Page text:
No Limits: In 49 States, Nurses Have No Cap on How Many Patients They’re Assigned

Ohio Latest State to Stand up and Fight Back.

In an old episode of “I Love Lucy,” Lucy and Ethyl find jobs wrapping candy in a chocolate factory. As the candy comes down the conveyor belt, the joke is that there is a rate at which they can keep up—which is soon crossed. The franticness of their motions, as the belt speeds up, causes them to fumble and flail, hiding unwrapped chocolates in their hats, trying to do a good job even when that’s no longer possible.

It’s good comedy to watch the transition into the impossible—on TV. When it comes to caring for sick and injured people, however, a shift beyond one’s capacity is not funny. It’s dangerous. Unfortunately, 49 out of 50 states in America still allow healthcare corporations to speed up the belt on nurses—overloading us with too many patients, having no set limit to how many sick or injured people we can care for at once.

I have heard patients describe their nurses as a “blur”—a flash of hospital scrubs running from room to room. It breaks my heart to hear that because every nurse knows it’s a symptom of short staffing. It happens when hospitals cut corners to save costs, saddling one nurse with 9 or 10 patients at once—or with too many patients who are “highly acute” (severely injured or ill) at once.

Nurses also know all too well—and studies have shown again and again—that overloading us with too many patients is detrimental to the health of patients—and also to nurses (who experience higher rates of injury and job burnout). A 2016 study (Aiken et. al) found that with each 10 percentage point reduction in the proportion of professional nurses, there was an 11 percent increase in the odds of patient death.

I’ll repeat that one more time to let the gravity sink in, given that everyone in America is a potential patient: an 11 percent increase in the odds of patient death.

Many Americans may be surprised to know that California is the only state in the country with mandatory limits on the number of patients a nurse can be assigned at one time. The regulations were enacted in 2004, after nurses with the California Nurses Association/National Nurses United fought for years to achieve them.  Patients in every other state do not have the same safety protections—although nurses in other states have been fighting for similar legislation. NNU is fighting to ensure that all patients and nurses in America have the high level of protection they deserve.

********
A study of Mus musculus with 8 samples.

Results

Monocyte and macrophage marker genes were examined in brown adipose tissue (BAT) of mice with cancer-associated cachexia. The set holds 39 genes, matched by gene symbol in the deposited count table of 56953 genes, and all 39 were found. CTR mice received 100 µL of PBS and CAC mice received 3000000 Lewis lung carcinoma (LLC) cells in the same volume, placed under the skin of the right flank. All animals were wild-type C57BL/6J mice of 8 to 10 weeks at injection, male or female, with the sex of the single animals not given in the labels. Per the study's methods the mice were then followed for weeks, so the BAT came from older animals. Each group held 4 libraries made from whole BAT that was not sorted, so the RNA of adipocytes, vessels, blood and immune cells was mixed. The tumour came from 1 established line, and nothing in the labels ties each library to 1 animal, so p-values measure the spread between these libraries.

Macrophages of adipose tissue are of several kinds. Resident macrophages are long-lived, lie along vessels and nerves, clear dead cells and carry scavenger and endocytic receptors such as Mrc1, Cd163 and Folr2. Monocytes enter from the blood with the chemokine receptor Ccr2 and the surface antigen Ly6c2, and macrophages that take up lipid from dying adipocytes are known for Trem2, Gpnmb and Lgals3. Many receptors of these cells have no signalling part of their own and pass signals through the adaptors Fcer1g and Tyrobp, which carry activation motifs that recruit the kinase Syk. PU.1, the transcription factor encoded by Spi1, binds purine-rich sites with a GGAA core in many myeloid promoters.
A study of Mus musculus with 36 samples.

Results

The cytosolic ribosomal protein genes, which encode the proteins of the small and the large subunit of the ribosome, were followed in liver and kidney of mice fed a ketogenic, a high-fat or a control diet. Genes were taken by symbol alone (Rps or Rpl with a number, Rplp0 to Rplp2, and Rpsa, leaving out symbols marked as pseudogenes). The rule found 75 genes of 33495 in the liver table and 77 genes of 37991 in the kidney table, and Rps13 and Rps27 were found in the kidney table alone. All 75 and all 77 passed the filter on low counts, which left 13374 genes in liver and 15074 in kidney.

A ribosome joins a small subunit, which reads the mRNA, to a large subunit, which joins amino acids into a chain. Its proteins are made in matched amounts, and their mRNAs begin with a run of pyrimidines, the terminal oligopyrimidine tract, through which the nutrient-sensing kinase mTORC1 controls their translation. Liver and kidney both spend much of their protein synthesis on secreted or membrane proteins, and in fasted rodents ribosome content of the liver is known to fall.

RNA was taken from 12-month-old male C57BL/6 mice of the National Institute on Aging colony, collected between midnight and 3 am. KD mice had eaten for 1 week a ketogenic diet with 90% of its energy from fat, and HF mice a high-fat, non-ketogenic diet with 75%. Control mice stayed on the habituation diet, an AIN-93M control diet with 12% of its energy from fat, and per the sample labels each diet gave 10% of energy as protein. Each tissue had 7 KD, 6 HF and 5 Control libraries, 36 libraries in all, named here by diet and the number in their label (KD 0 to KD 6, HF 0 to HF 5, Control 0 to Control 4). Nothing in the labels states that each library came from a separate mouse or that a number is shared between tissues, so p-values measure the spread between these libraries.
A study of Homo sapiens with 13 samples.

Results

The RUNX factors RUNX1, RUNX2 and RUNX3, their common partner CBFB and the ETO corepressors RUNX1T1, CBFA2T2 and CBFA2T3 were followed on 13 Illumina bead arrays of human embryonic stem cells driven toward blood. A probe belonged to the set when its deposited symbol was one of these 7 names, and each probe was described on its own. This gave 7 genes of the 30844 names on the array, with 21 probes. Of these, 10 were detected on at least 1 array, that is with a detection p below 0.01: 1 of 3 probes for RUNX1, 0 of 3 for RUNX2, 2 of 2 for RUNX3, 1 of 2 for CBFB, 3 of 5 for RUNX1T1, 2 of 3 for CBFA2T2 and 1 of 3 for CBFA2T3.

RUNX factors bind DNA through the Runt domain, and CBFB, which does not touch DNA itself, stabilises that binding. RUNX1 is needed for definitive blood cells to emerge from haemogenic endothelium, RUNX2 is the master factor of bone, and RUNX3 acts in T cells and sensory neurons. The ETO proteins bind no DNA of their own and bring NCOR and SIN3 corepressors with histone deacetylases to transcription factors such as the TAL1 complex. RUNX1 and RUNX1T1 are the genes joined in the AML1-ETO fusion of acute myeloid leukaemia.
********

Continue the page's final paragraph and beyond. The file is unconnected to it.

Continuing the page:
On February 14, for example, NNU registered nurses in Ohio and elected officials gathered at the Ohio Statehouse, in Columbus, to mark the reintroduction by Senator Michael Skindell of the Ohio Patient Protection Act—a bill which sets specific limits on how many patients nurses can care for at once in hospitals throughout Ohio.

“With no limit on the number of patients we care for, we have a safety crisis on our hands in Ohio,” said Debra McKinney, RN, of Affinity Medical Center in Massillon, Ohio. “Hospital administrators are free to cut corners on staffing and put their bottom line over patient safety. We need a mandatory, non-negotiable limit to the number of patients each nurse cares for in order to protect our patients from harm—and also to protect nurses and other healthcare staff.”

The Ohio Patient Protection Act also provides whistleblower protection to assure that nurses are free to speak out for enforcement of safe staffing standards.

These fights can be a long game. Hospital corporations have a lot of money to fight against these bills. But the facts are on our side. In California, for over a decade, safe staffing ratio laws have been working.

A September 2012 report by the U.S. Agency for Healthcare Research and Quality titled “State Mandated Nurse Staffing Levels Alleviate Workloads, Leading to Lower Patient Mortality and Higher Nurse Satisfaction,” concluded that California’s nurse ratio law works and that higher nurse workloads are associated with more patient deaths, complications, and medical errors.

A 2015 study in the International Archives of Occupational and Environmental Health showed that the California safe staffing law was associated with 55.57 fewer occupational injuries and illnesses per 10,000 RNs per year, a value 31.6 % lower than the expected rate without the law.

Registered nurses will continue to fight, in Ohio and nationally, until every state has the same protections California has achieved.  We vow to advocate for our patients’ health and safety—and when we are pushed beyond our own limits by hospital corporations putting profits over people, the law must advocate for us, in turn. Nurses must be protected from patient overload as if lives depended on it. Because they do.

Bonnie CastilloDirector of Health & Safety at @NationalNurses, Director of RN Response Network; I’m an RN & healthcare champion who believes healthcare is a human right!